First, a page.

11 September 2009


Two in five deaths of people aged 10-24 are due to injuries and
violence. ucl.ac.uk/ich" target="_self">UCL Institute of Child Health
  • World Health Organisation

  • The Lancet

  • A study of global death rates for young people aged 10-24 years shows that the vast majority of deaths in this age group (97%) occur in low- and middle-income countries.

    Furthermore, the current focus on HIV/AIDS and other infectious disease such as tuberculosis is an insufficient response since two in five deaths in this age group are due to injuries and violence.

    The results are reported in The Lancet in an article written by Dr Russell Viner from the UCL Institute of Child Health and colleagues from Australia and Switzerland.

    The researchers used data from the 2004 Global Burden of Disease study and mortality estimates developed for the 2006 World Health Report.

    Patterns of mortality were investigated by WHO region, income status and cause in age groups from early adolescence (10-14 years), through late adolescence (15-19 years) to young adulthood (20-24 years).

    High-income countries represented one category, while the low- and middle-income countries were spread out according to WHO regions (Africa, Americas. Eastern Mediterranean, European, Southeast Asia, Western Pacific).

    Causes of death were categorised as:

    • Group I - comprising group 1A, maternal deaths, and group 1B, communicable diseases including nutritional conditions
    • Group II - non-communicable disease
    • Group III-injury including traffic accidents, fires, drowning, self-inflicted injury, and violence and war

    The researchers found that 2.6 million deaths occurred in young people aged 10-24 years in 2004 (from a worldwide population of 1.8 billion people in that age group). Of those, 2.56 million (97%) were in low- and middle-income countries.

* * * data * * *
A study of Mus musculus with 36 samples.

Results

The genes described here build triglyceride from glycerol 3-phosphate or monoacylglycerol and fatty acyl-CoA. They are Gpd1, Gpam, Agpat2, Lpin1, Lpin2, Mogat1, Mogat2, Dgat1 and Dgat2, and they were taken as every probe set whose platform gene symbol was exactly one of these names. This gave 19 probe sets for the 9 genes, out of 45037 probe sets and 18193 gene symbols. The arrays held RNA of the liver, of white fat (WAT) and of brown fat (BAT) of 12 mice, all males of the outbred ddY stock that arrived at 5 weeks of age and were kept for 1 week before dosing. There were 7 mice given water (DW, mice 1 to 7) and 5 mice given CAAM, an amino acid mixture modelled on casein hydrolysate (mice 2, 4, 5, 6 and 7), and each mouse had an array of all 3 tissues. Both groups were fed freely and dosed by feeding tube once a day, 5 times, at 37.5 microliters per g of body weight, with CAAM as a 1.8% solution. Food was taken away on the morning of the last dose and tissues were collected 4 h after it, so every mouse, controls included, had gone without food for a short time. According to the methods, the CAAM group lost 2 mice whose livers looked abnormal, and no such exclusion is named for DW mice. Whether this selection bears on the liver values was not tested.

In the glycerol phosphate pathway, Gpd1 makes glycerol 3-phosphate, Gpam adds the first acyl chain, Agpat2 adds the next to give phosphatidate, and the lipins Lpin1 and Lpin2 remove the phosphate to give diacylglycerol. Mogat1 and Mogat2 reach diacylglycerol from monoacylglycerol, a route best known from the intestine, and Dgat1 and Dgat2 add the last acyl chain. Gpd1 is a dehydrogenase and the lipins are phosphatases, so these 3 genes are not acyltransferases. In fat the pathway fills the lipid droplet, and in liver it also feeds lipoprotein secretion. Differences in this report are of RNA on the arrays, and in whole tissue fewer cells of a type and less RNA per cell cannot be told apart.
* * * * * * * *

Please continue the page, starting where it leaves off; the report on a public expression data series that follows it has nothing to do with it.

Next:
Nearly two thirds (1.67 million) were in sub-Saharan Africa and Southeast Asia, despite these regions containing 42% of 10-24 year olds. High-income countries had only 3% of the deaths, despite having 11% of the population in this age range. Death rates were higher in young adulthood than young adolescence, but reasons varied by region and sex.

    Globally, death rates more than doubled from age 10-14 years (95 deaths per 100,000 population) to 20-24 years (224 deaths). Maternal conditions (which comprised several individual categories) were a leading cause of female deaths at 15%. HIV/AIDS and tuberculosis contributed to 11% of deaths.

    Traffic accidents were the largest cause of deaths for both sexes combined (10%) and accounted for 14% of male and 5% of female deaths. Other prominent causes included violence (12% of male deaths) and suicide (6% of all deaths).

    The authors said: "Mortality rates in low-income and middle-incomes countries were almost four-fold higher than were those in high-income countries, a difference that was particularly pronounced for young women."

    They added that in some regions, including Africa and southeast Asia, group I causes of death rise in adolescence and young adulthood and thus are of major importance.

    They said present global health policies for the prevention and management of HIV and other infectious diseases, and provision of access to information and services for sexual and reproductive health, would probably have major beneficial effects.

    But they concluded: "However, even in these regions, tuberculosis and lower respiratory tract infections cause more youth deaths than does HIV/AIDS, but have not yet attracted a similar response in policy.

    "Importantly, group I causes of death were not prominent in most low-income and-middle-income countries. In the western Pacific and eastern Europe, although overall death rates were increased, patterns of death resembled those reported in high-income regions, suggesting a need for very different strategies."

    Image: Two in five deaths of people aged 10-24 are due to injuries and
    violence. Many of the poorest countries, such as Angola, are ravaged by


    UCL context

    Great Ormond Street Hospital is the country's leading centre for treating sick children, with the widest range of specialists under one roof. With the UCL Institute of Child Health, it is the largest centre for paediatric research outside the US and play a key role in training children's health specialists for the future.